April 5, 2021
A prenuptial agreement, commonly referred to as a prenup, is a written contract that both parties agree to before getting married. This contract serves as the outline for legal rights acquired upon marriage and what happens once their marriage ends, either by divorce or by death. At times, couples want to alter, or even revoke, their prenuptial agreements. Here’s what you need to know about doing so.
Reasons for Modification or Revocation
There are many reasons why couples agree to a prenuptial agreement in the first place, and there are many reasons why they’d want to modify or revoke the prenuptial agreement once they are married. Some of those reasons include:
- A spouse acquired additional property that was not included in the original agreement
- The couple have children that must be accounted for in the agreement
- The couple wants to redistribute their property allocation
- The couple decides they no longer want a prenuptial agreement
How to Change or Revoke a Prenuptial Agreement
Luckily, couples can modify or revoke their prenuptial agreement. Once you and your partner agree to alter your agreement, you can have an attorney either add to the original contract or create a separate contract that modifies the terms of the initial agreement. This is also the case for revocation. If your initial prenuptial agreement doesn’t have terms for what to do if amendments or cancellations are needed, a new contract is needed.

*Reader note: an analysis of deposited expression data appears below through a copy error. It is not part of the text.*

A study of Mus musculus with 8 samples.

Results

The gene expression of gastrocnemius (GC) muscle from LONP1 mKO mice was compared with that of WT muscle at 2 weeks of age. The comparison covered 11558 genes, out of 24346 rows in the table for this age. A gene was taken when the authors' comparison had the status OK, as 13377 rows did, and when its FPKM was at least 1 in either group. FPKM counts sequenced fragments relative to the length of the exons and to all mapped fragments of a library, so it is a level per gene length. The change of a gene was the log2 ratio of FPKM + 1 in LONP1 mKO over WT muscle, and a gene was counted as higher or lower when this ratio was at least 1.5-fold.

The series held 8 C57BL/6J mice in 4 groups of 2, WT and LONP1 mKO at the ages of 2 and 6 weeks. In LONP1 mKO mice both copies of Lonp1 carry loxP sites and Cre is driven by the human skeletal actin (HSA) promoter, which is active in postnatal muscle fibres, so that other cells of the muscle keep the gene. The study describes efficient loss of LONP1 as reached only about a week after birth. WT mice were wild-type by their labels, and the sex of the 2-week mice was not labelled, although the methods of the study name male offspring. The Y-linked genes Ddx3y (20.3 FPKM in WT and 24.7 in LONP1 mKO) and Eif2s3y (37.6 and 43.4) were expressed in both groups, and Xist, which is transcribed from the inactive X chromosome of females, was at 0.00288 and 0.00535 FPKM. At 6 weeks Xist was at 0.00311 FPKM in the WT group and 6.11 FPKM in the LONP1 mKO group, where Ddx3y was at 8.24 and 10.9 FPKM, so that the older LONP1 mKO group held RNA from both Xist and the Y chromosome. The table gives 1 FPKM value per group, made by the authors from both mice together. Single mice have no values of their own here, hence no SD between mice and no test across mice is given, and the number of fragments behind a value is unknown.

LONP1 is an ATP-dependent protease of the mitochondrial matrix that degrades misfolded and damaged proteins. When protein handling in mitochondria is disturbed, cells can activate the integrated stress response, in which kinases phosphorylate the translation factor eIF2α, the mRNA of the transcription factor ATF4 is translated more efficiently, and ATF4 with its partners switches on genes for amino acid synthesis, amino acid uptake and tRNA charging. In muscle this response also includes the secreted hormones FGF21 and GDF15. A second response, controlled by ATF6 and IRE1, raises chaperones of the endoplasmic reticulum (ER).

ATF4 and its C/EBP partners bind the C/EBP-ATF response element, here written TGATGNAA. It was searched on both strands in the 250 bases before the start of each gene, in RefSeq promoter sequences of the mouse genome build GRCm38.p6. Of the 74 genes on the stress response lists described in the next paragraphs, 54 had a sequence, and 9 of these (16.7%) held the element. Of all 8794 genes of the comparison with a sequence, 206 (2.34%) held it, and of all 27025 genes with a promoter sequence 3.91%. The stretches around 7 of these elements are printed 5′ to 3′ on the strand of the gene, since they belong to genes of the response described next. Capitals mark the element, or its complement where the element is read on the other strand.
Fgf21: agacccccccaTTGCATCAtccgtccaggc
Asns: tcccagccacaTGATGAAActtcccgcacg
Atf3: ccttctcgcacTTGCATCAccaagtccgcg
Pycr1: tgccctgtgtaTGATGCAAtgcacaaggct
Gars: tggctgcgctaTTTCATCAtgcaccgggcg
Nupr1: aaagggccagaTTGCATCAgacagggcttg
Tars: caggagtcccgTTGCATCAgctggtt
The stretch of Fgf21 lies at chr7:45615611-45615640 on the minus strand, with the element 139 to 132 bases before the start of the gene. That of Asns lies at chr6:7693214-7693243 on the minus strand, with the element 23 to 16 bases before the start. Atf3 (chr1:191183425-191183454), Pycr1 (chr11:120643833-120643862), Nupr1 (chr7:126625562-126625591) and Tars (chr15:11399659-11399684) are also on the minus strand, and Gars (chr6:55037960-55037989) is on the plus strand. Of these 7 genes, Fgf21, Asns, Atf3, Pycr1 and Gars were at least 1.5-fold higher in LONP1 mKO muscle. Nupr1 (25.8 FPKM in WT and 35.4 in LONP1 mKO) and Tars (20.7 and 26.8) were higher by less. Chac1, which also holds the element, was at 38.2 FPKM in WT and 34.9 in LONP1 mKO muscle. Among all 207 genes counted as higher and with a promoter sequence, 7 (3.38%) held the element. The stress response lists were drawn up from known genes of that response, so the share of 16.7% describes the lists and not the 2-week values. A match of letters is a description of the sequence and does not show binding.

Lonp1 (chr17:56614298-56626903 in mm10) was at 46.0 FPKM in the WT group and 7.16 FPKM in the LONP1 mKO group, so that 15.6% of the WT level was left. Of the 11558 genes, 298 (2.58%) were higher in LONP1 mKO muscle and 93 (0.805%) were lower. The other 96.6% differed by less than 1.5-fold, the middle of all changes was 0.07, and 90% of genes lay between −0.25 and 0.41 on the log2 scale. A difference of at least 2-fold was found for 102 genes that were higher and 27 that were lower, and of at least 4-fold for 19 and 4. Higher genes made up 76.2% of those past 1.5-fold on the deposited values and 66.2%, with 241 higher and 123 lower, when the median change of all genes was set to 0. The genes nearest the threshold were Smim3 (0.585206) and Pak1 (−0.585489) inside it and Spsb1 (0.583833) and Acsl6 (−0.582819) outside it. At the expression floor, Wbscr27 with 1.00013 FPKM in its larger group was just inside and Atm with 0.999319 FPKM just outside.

An important thing to note is that the terms of a prenuptial agreement can only be changed before a wedding or throughout the marriage, not when the couple is separated or during the process of divorce.
What are Postnuptial Agreements?
Another option couples have is a postnuptial agreement. These are written agreements that are drafted and signed after the couple gets married. A couple may decide to get a postnuptial agreement if they did not sign a prenuptial agreement before marriage and decide they would like to define property division and spousal support in the event of a divorce or death. Usually, postnuptial agreements define the division of property gained after marriage, so contracts focus on different assets than prenuptial agreements.
Modify Your Prenup Today
If you’re looking to modify your prenup, let Alan Billian help! We’ll work with you and your spouse to create a modified prenup that is fair and comprehensive. As a Howard County divorce attorney, we know what it takes to make a good prenuptial agreement. Contact us today to get started.